My Plastic Free July (2023)

As someone who has a deep love for the environment and our wildlife, I always get excited to take on the Plastic Free July challenge. This year felt a little different thanks to our sticker collaboration with the wonderful people at the Plastic Free Foundation, but I felt as driven as ever. I’ve gotten back into reading (and have been diving deep into environmental books), I have a new favorite local eco-shop – what else would I need? Turns out, my plastic-free promise would be even more challenging than before. I thought the world would be more welcoming to eco-friendly living than it was than even a few years ago (you know, because the environmental crises we face are well documented at this point and international policies are at least starting to take things seriously), but cultural shifts had different plans.

I’d like to begin by saying that this is an honest reflection of my Plastic Free July. Spoiler alert: I didn’t go entirely plastic free, but as we’ll dig in here – it wasn’t entirely my fault. I don’t like to pass blame, but I do think the cultural shifts I noticed need to be talked about. I also want to note: I am writing this from the Midwest United States. These issues might not come to the surface in the same ways in your part of the world, but it may still be beneficial to know how other regions are taking/not taking action.

The Pandemic

Of course, the biggest worldwide event to happen in the last 4 years changed the course of modern society. Lockdowns changed social behavior and vaccine requirements meant preventive healthcare became the norm. Some of the changes were good for the environment (overall, it was the largest carbon crash ever), but some made things worse. The pandemic put a halt on a lot of ‘reuse’ culture – no more refilling your cup, no more “bring your own bag” – and so, plastic became king. In the name of public safety, single use utensils, cups, and of course, masks, became our normal. The masks can stay (cut the straps when you’re done preventing the spread of germs, please!), but for these other single-use goods, the insanely slow transition back to where we were is frightening.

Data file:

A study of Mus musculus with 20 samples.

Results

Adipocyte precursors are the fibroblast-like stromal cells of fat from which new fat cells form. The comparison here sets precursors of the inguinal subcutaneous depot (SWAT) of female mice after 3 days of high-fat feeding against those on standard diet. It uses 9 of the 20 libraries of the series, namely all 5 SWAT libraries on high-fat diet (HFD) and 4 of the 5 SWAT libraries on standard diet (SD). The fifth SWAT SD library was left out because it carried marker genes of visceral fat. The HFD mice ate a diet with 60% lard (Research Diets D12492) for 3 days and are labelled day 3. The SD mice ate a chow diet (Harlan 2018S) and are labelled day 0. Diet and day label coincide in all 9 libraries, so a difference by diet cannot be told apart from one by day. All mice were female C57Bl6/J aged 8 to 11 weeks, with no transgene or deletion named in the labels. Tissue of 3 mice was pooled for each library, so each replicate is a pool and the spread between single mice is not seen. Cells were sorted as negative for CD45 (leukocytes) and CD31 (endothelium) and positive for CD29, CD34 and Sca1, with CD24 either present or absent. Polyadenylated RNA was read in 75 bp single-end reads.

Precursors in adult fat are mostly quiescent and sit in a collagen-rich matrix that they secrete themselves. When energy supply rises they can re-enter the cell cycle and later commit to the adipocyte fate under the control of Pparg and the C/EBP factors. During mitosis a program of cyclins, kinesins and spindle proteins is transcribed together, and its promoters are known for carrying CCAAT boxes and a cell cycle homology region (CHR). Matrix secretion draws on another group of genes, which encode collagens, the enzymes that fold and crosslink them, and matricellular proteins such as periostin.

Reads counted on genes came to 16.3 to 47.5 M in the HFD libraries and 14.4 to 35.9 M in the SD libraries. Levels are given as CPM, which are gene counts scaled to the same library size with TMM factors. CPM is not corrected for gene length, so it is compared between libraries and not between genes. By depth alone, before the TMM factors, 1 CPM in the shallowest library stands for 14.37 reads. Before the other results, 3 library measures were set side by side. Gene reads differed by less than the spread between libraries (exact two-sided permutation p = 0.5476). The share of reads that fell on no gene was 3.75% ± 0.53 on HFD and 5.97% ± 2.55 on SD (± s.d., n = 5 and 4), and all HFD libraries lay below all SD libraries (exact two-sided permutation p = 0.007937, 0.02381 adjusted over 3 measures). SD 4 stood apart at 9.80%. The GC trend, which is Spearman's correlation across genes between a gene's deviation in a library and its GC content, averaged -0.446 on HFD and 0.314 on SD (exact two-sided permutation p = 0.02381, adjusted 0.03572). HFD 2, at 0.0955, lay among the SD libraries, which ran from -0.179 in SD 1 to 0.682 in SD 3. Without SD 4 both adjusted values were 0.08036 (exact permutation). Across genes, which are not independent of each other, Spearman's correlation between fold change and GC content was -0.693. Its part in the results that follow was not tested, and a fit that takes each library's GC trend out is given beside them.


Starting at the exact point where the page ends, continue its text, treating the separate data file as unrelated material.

More than three years after the pandemic began, big chains that once offered reusable utensils and dishes are back to 2008: serving everything in plastic. This issue is only exacerbated by inflation (plastic is cheaper) and a diminished workforce pool (not enough staff to clean). We understand the struggle for small businesses – but in many cases, major chains are the biggest offenders. How long until we take the plastic crisis seriously again?

General Distrust

As the pandemic took over the world, a semi-hidden counterculture also started to flourish: the distrust of experts. Arguably, the doubt in climate science started much earlier (“Climate change is a hoax!”), but other fields of science had been largely left out of the scrutiny. That was, until politics created an environment where medical science was secondary. At first, this only applied to the Covid-19 pandemic, but as things started to look up, other sciences/issues seemingly came under fire. What does this distrust lead to? Not only ignoring these issues, but taking an exact opposite stance on them.

Let me paint you a picture: I went to the store with reusable bag in hand. I grab my items from the aisles and head to the register. I tell the cashier that I don’t need things bagged because I brought my own bag. They look at me, say “okay,” and then proceed to bag my items. In plastic bags. The audacity.

I’ll paint another picture. I go to the store to grab a couple of things and head to the register. I tell the cashier that I don’t need my items bagged because one of the items is itself a bag. She attempts to explain that she must put them in a bag in order to stop other shoplifters (I have been to this store many times, never had this type of interaction). In my rebuttal, I explain that it’s a waste of a bag and I really don’t need one. She decides that she doesn’t care, puts my items in a bag anyways, and counters with, “Oh hun, I want you to have one, it’s okay.”

Misplaced Solutions

I genuinely LOVE when I come across people that know environmental facts. There is nothing I love more than hearing a stranger talk about composting, endangered animals, or pushing their friends to follow environmental topics. However, there is a weird paradox (if it has a name, please let me know so I can research it more 😂) where people may be slightly knowledgeable on a subject like plastic pollution, understand that the long toted solution (in this case, plastic recycling) doesn’t match up with the solution’s promise (plastic recycling is far from reliable) – but instead of looking to other alternatives, the solution is ‘give up’ entirely. Recycling plastic isn’t going to fix the plastic crisis on its own, but that doesn’t mean to give up and just throw away plastic like there aren’t other options. Putting plastics in the recycling bin at least give it a chance to be recycled – plastics that go to the landfill have zero chance of becoming something new. But what’s an even better solution? Opt for plastic-free in the first place (the best solution, I’d say).

So, what now?

Obviously, the United States has a long way to go before it goes plastic free, as does the world. I’m far from a sociologist, but as many environmental experts have already said: “We have the technology to fix our crises, we just have to put them into action.” Political divides, societal norms, and misinformation have to be crossed in order for the world to have a fighting chance against these disasters. In order for something to change, we have to start.